The Tables at Fahrenheit
Fahrenheit recently had tables custom made for our dining room with the help of A Piece of Cleveland (APOC), a local company that specialize in reclaiming materials from "deconstructed" buildings in the Cleveland area. Designer/Fabricators Ezra Taxel, P J Doran, and Aaron Gogolin put their highly refined skills to work and turned what many would have tossed aside as fodder for the landfill into beautiful and functional works of art.
The tables at Fahrenheit include a portion of the materials reclaimed
from a stone bungalow at 3726 Bradley Rd in
Westlake, built in 1927.
A custom made sign attached to a tree at the head of the driveway names
the house 16 Oaks, probably for the trees that dot the two acre
property. Although the house was expanded somewhat over the years,
it was torn down in 2008 to make room for a larger building. APOC
was able to save oak flooring, birch doors and trim, and southern yellow
pine framing lumber from the landfill before the demo equipment came in.
According to public record, the 1400 square foot colonial at 1425 W 65th Street was built in 1915. It was owned by multiple members, and possibly multiple generations, of the Zarrelli family in the 80’s, 90’s and likely even further back. One current neighbor reminisced that they owned a great deal of property in the neighborhood while living here. He also said that they would occasionally throw spaghetti dinners for their tenants and other neighborhood residents. The Detroit Shoreway Community Development Organization bought the property in the mid nineties and in 2007 the home was slated for demolition. Construction on nearby Detroit Road was going to eliminate street parking and the city needed to expand the parking lot adjacent to 1425. APOC recovered hardwood flooring, oak and pine molding, old growth pine 2X4’s and 2X8’s, and solid wood doors before the house came down which was also used in the Fahrenheit tables.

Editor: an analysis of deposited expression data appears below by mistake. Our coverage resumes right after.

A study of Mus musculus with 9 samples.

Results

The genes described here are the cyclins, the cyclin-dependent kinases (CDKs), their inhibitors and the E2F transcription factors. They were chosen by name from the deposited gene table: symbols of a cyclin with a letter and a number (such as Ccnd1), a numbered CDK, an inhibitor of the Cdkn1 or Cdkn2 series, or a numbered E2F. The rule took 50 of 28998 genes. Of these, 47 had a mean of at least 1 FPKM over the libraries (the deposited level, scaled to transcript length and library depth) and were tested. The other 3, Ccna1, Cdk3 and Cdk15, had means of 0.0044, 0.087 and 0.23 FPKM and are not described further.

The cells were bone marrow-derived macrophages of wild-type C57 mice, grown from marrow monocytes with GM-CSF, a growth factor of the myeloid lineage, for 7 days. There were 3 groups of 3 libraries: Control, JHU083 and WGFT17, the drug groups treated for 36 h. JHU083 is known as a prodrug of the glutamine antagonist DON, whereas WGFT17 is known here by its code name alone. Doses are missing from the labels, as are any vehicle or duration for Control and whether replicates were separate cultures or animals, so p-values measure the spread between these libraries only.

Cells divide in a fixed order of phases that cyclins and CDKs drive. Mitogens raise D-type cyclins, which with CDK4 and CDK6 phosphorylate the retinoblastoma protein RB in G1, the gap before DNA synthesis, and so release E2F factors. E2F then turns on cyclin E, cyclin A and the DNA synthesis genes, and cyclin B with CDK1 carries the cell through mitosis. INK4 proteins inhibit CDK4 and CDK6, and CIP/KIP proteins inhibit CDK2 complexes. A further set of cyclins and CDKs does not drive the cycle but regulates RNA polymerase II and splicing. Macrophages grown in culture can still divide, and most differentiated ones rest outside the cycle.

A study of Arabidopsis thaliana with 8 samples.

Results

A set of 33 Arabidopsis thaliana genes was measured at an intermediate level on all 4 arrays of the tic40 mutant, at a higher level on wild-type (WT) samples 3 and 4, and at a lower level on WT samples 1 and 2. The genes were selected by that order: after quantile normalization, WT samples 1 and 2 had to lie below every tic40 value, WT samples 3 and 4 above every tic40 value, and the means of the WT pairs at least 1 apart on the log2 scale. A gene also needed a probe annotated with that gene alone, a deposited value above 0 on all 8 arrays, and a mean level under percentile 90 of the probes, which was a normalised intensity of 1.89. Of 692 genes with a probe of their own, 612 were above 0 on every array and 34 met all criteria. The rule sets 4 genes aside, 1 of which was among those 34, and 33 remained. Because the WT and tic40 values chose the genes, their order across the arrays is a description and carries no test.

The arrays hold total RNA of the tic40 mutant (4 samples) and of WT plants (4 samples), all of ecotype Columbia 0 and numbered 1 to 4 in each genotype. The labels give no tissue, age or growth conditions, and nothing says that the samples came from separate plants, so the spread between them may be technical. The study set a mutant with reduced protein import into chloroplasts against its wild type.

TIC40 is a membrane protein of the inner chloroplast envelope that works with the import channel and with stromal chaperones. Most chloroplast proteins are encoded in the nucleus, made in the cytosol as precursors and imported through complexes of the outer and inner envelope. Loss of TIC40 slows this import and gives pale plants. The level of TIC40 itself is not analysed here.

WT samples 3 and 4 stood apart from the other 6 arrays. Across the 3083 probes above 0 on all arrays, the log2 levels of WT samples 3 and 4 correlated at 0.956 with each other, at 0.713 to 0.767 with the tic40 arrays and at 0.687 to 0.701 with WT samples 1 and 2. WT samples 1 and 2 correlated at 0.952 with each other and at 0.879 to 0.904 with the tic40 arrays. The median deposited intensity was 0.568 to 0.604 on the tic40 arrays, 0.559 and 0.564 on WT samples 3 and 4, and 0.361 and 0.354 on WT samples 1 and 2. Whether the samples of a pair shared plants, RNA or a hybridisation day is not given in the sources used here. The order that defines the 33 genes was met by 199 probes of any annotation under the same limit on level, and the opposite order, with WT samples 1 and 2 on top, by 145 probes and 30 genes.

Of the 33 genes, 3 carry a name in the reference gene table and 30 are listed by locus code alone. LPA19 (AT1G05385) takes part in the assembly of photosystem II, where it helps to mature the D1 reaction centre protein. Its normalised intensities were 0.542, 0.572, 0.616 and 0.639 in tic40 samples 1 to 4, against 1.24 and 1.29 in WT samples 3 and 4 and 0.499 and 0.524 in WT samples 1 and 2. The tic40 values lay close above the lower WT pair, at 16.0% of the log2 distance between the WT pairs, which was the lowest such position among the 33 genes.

Finally, some parts of the Fahrenheit tables are constructed from hardwoods that were reclaimed from heavy duty shipping pallets that were being thrown away. Items like raw metal weigh so much that they must be delivered to manufacturers on pallets made from sturdy woods like oak, maple, cherry, and hickory. Usually these pallets are thrown away after one use because it is cheaper to use a new one than return an old one. APOC rescues some of this wood and turns it into raw material for everything from facings to table components.